Peter CollinsonCollinson, Peter (1694-1768).
British. Merchant and amateur naturalist
in London, corresponded with many
scientists. Correspondent of Linnaeus. thanks Linnaeus for his letter of December 31, 1745Letter L0663, and is glad that the seeds he sent were acceptable.
Collinson has prepared another set of seeds, containing seeds from Johann Jacob DilleniusDillenius, Johann Jacob
(1684-1747). German/British. Studied at
Giessen. Sherardian professor of botany
at Oxford. Correspondent of Linnaeus. ], although Dillenius complains that he does not receive any seeds in exchange from Linnaeus.
Harmanns [Paul Hermann’sHermann, Paul (1646-1695).
German. Botanist, physician at Batavia,
professor of botany at Leiden. ], Paradisus BatavusHermann, Paul Paradisus
Batavus, continens plus centum plantas
affabrè aere incisas &
descriptionibus illustratas. Cui
accessit Catalogus plantarum, quas pro
tomis nondum editis, delineandas
curaverat P. Hermannus [ed. by W.
(Leiden,1698). cost 8 shillings,:6 pence.
Georg Dionysius EhretEhret, Georg Dionysius
(1710-1770). German/British. Botanical
illustrator. Correspondent of Linnaeus. is sending Linnaeus a coloured print of a new Cerus that flowered at Chelsea [see Linnaeus’s reply to that in Linnaeus to Ehret, 23 August 1747Letter L0822].
Isaac LawsonLawson, Isaac (?-1747).
British. Scottish botanist and
physician. Correspondent of Linnaeus. is expected back from Flanders. He had been taken prisoner by French forces but had been set free in an exchange.
Collinson reports that specimens of several American plants are offered for sale, but there are difficulties in getting them on board a ship and arranging for proper care of them during the voyage. Without proper care, they might not be good when you get them.
John MitchellMitchell, John (1711-1768).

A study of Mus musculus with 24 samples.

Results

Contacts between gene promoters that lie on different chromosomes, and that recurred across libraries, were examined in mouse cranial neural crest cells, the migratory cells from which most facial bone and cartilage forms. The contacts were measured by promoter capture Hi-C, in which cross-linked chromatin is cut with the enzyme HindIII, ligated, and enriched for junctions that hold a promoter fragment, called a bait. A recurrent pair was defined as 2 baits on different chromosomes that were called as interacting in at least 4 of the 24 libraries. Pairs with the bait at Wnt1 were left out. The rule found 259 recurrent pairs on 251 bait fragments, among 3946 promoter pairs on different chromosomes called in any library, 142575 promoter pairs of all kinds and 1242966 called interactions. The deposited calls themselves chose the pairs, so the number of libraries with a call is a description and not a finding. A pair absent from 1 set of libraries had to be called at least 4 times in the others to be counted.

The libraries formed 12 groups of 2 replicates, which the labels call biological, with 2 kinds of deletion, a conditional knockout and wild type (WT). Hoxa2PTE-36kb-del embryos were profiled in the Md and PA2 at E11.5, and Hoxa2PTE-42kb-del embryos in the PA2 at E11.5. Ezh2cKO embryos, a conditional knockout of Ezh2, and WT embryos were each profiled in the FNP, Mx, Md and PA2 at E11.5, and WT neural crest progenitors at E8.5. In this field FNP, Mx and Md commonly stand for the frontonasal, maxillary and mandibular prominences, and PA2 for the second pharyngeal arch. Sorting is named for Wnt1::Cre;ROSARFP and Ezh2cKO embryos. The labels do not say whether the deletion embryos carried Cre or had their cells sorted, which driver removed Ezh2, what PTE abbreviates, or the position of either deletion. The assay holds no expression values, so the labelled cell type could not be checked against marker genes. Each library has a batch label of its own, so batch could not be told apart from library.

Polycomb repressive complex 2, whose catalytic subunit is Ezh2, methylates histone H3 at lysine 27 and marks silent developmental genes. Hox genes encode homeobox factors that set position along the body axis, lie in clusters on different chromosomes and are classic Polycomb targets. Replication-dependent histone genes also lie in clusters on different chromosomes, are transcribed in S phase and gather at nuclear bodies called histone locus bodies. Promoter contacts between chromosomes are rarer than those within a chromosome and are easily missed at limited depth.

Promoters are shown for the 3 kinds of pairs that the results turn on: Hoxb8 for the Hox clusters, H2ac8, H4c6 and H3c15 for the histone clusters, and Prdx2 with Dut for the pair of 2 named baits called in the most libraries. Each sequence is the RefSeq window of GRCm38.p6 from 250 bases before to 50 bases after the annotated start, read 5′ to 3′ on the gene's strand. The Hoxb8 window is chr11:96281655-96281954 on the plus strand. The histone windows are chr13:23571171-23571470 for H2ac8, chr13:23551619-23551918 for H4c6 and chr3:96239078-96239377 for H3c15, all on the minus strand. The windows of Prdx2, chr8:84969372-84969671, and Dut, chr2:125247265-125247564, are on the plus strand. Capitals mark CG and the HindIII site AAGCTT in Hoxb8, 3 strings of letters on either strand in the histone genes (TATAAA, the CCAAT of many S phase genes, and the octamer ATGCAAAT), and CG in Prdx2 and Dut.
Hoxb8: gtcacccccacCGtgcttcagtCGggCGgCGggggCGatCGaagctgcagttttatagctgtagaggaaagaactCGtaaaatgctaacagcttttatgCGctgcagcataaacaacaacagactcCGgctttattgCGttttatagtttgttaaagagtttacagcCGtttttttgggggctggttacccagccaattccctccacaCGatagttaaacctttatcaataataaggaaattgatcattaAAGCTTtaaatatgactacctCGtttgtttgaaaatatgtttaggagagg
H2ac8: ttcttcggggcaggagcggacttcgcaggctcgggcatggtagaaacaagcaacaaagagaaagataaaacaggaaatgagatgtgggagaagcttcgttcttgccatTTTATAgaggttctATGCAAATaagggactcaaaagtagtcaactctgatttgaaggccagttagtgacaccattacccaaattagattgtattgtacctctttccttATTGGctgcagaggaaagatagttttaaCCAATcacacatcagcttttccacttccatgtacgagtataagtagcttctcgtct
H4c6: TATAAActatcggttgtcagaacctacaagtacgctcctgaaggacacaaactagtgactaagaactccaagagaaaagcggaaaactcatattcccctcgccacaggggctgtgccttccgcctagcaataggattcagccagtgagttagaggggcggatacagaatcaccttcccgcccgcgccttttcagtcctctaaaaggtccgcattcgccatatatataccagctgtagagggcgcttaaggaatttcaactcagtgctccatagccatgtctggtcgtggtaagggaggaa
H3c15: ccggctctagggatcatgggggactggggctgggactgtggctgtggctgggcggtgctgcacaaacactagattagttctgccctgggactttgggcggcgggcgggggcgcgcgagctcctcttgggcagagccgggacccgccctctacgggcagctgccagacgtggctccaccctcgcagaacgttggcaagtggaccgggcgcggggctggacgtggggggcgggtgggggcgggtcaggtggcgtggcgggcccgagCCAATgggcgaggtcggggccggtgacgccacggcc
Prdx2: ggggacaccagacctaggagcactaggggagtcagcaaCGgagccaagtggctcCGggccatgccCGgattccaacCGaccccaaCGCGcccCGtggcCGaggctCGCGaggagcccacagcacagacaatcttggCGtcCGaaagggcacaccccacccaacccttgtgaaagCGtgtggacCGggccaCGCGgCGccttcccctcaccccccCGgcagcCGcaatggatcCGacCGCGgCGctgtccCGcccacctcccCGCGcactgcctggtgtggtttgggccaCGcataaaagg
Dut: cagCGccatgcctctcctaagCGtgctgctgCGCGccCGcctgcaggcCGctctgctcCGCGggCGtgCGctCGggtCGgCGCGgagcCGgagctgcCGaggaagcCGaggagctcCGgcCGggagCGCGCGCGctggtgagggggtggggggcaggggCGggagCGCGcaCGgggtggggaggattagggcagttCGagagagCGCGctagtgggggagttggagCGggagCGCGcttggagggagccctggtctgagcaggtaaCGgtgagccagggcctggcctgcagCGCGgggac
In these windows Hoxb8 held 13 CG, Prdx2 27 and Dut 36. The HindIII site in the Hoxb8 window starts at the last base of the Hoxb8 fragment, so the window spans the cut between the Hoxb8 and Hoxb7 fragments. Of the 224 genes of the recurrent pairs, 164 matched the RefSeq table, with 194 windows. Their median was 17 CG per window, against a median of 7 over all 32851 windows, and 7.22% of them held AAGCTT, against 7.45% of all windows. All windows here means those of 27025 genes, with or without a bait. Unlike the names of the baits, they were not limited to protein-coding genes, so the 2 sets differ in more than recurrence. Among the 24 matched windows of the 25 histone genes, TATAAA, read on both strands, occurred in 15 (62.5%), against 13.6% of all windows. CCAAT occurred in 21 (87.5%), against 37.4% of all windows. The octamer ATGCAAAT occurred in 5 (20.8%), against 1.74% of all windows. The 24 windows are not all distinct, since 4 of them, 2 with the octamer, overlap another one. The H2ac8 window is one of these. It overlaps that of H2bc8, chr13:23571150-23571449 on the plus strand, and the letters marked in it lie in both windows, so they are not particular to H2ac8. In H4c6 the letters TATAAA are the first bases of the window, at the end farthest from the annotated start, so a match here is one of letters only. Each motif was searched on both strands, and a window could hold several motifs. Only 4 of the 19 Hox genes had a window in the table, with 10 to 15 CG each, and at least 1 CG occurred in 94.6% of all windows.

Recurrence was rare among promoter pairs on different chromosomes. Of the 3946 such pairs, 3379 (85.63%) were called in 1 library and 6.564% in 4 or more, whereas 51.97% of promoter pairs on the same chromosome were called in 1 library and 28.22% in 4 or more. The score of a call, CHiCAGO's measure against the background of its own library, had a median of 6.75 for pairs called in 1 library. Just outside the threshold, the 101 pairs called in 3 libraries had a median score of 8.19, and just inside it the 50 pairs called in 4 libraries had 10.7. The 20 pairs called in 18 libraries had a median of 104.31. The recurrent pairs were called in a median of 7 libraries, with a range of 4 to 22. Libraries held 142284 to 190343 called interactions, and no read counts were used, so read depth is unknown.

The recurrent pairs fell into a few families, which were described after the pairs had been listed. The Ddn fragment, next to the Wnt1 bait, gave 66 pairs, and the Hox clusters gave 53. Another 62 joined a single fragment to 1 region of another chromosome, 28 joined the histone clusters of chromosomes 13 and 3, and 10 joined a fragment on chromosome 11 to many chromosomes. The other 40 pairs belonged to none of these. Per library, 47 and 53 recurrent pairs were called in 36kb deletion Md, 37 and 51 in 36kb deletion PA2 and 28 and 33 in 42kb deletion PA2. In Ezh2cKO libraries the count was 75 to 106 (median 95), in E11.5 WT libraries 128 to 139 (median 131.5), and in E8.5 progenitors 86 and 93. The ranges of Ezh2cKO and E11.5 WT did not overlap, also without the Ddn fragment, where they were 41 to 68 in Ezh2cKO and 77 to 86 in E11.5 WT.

British/American. Physician and
botanist. Born in Virginia. After
studies in medicine at the University of
Edinburgh he returned to Virginia as a
physician, but left America for London
in 1746. Famous for his map of eastern
North-America, known as the Mitchell
Map, first published in 1755.
Correspondent of Linnaeus. who lives in Virginia, has made descriptions of several species, but these are not yet published.
Collinson has a true Genseng in his garden, and it produces flowers and seeds.
Collinson will try to remember to talk to Dillenius about saving some seeds of St Timothy’s grass for Linnaeus.
Linnaeus’s letter for Dillenius was forwarded to him [this letter has not come down to us], and Collinson is sure Dillenius has sent Linnaeus an answer [presumably Dillenius to Linnaeus, 21 February 1746Letter L0688].
Collinson loves books in natural history and specimens of all natural objects. He asks Linnaeus about shells and fossils found in Sweden. The animals are the same in both countries, except reindeer, but he asks Linnaeus about fishes and insects peculiar to Sweden in general or to Lapland. He wants specimens of them and of minerals.
Collinson has got his first four flowers in plants from Virginia. They are Claytonia, Echium, a pretty Ranunculus with a yellow flower and a Fumaria bulbosa.
P.S. Collinson acknowledges that Abraham BäckBäck, Abraham (1713-1795).
Swedish. Physician, president of the
Collegium Medicum, Stockholm. Close
friend of Linnaeus. Correspondent of
Linnaeus. had sent him Systema naturae in an octavo edition [Collinson refers to Systema naturae, 4th editionLinnaeus, Carl Systema
naturae, 4th edition (Paris, 1744).
Soulsby no. 48. ], which Collinson is very pleased with. He asks if Bäck has returned to Sweden.